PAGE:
I was back at the dealership — less than four months since the vehicle service contract (VSC) I purchased covered my suspension issue. This time, I needed the service department to figure out why my Subaru Forester was hesitating during acceleration. Turns out my engine control module required an update. While that didn’t cost me, something else my technician discovered did. Luckily, I was covered.
Before I go on, I want to give a shoutout to reader Skip Jones. You were right. Informing my service advisor of the VSC I purchased from the get-go did make for a smoother service experience. The tone of our interaction changed, and a problem I wasn’t aware of was uncovered.
"By the way, two more rate increases are expected this year. I know rising rates play right into your product pitch, allowing you to play up the importance of the budget management and savings F&I products provide. But as Cox Automotive also said in June, “Rising interest rates impact all corners of the business."
Well, my service tech found two leaks, one of which required that my oil pan gasket be replaced. Online estimates put that repair at $400. I’m guessing the estimate for the second repair is about the same. And to think an industry contact of mine recommended against purchasing the VSC on my Forester. “It’s bulletproof,” he said. Turns out, it’s not.
Last year, AAA reported that 64 million drivers were not able to pay out of pocket for an average repair bill of $500 to $600. I bring this up because I’ve come across several reports that warn of several market factors bubbling below the surface that could hamper your showroom’s ability to sell and car buyers’ ability to buy.
Let’s start with Experian Automotive, which reported in late May that the average amount financed for a new vehicle in the first quarter rose $921 from the year-ago quarter to a record $31,455. The average monthly payment for a new vehicle also reached a new high, rising $15 from the prior-year period to a record $523. The firm also reported that the average interest rate for a new vehicle jumped 31 basis points from the year-ago period to 5.17% in the first quarter.
This past June, the Fed raised the Federal Funds Rate a quarter percentage point — the second increase this year and the seventh since 2015. Keep in mind that average rates on automotive loans, according to Cox Automotive, were already nearing seven-year highs before the recent rate hike.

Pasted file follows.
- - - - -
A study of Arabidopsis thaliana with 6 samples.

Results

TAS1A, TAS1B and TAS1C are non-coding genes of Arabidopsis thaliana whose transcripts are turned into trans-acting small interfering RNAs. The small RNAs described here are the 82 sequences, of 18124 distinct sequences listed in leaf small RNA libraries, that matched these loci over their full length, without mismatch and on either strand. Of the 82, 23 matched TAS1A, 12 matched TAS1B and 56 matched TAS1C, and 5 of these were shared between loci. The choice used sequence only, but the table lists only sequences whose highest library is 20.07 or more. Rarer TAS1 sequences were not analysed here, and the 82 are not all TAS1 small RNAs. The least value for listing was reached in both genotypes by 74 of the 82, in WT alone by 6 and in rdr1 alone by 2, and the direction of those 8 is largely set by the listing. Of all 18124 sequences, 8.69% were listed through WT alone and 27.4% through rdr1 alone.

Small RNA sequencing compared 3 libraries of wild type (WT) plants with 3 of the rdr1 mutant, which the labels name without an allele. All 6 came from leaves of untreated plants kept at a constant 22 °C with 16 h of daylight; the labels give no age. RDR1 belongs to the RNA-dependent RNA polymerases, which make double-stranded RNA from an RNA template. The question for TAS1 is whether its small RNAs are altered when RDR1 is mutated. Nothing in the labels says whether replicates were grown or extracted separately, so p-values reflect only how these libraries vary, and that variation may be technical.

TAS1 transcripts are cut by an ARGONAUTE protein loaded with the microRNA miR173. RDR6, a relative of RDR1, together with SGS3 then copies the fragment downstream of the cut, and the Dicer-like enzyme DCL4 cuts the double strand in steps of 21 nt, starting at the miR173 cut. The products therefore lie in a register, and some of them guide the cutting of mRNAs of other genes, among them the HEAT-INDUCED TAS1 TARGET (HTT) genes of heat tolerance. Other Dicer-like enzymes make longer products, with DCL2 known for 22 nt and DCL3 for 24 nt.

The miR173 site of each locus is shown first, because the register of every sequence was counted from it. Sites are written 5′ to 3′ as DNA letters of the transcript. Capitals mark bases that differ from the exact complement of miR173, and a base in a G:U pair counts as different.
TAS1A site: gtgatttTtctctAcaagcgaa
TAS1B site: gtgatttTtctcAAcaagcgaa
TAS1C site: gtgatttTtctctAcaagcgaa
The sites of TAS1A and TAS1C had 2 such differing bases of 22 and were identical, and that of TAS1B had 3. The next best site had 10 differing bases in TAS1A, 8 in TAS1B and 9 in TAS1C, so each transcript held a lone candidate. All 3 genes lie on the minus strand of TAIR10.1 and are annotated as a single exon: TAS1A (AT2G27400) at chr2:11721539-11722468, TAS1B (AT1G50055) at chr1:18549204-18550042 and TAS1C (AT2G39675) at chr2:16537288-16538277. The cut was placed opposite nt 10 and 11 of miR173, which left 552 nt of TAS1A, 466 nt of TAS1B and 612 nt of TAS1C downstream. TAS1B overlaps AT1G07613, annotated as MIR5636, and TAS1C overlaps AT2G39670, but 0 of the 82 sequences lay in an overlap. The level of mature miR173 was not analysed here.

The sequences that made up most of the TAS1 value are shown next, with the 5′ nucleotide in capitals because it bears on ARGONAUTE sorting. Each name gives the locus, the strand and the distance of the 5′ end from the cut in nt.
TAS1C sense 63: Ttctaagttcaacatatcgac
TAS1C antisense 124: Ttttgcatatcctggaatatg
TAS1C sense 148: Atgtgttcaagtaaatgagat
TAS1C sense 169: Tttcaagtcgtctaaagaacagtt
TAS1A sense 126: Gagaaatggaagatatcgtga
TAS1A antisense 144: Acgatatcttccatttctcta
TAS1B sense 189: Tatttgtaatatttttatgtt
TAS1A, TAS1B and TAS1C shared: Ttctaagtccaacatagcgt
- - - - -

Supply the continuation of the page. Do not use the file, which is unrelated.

Toss in rising average transaction prices — which peaked this past December at $36,111, according to Kelley Blue Book — and average payments are up more than 4% from last year, Cox reported in June.
By the way, two more rate increases are expected this year. I know rising rates play right into your product pitch, allowing you to play up the importance of the budget management and savings F&I products provide. But as Cox Automotive also said in June, “Rising interest rates impact all corners of the business.”
For vehicle OEMs, rising rates increase the cost of providing low-interest rate loans. For a $35,000 vehicle, Cox noted, providing zero percent financing for 60 months at 2.9% vs. 3.9% is a difference of more than $900. That might explain why Edmunds discovered that zero percent interest rate loans fell to their lowest level in nine years in June, which typically boasts a substantial amount of zero percent financing offers.
For dealers, rising rates increase the cost of acquiring and maintaining inventory, “which shaves a little deeper into already tight profit margins.” Even operating costs for vehicle suppliers, who often borrow to finance vehicle program fulfillment, are expected to rise.
And consider this: Despite first-half retail sales being the weakest in four years, LMC Automotive and J.D. Power reported that consumers spent nearly $5 billion more on new vehicles than they did in the first half of 2017. Yes, demand for trucks is partly to blame, but still.
And let’s not forget this bubbling trade war, which LMC Automotive said poses the biggest threat to its 2018 forecast of 17.1 million total light vehicles sales and 13.8 million retail sales. In fact, the Center of Automotive Research said imposing a 25% tariff on auto imports would raise the price of a typical new car sold in the United States by $4,400, while the National Automobile Dealers Association estimated that tariffs would push the average new-car payment to $611 a month.
To make matters worse, Edmunds reported in late June that the number of buyers who owe more than their vehicle is worth is at historically high levels. Add that to record-high vehicle prices, a virtually saturated market, and rising interest rates, and “the stage is set for a market contraction,” the firm said.
Quotes like that make me glad I also opted for the appearance package. In fact, I got a guy coming this month to take care of my first claim.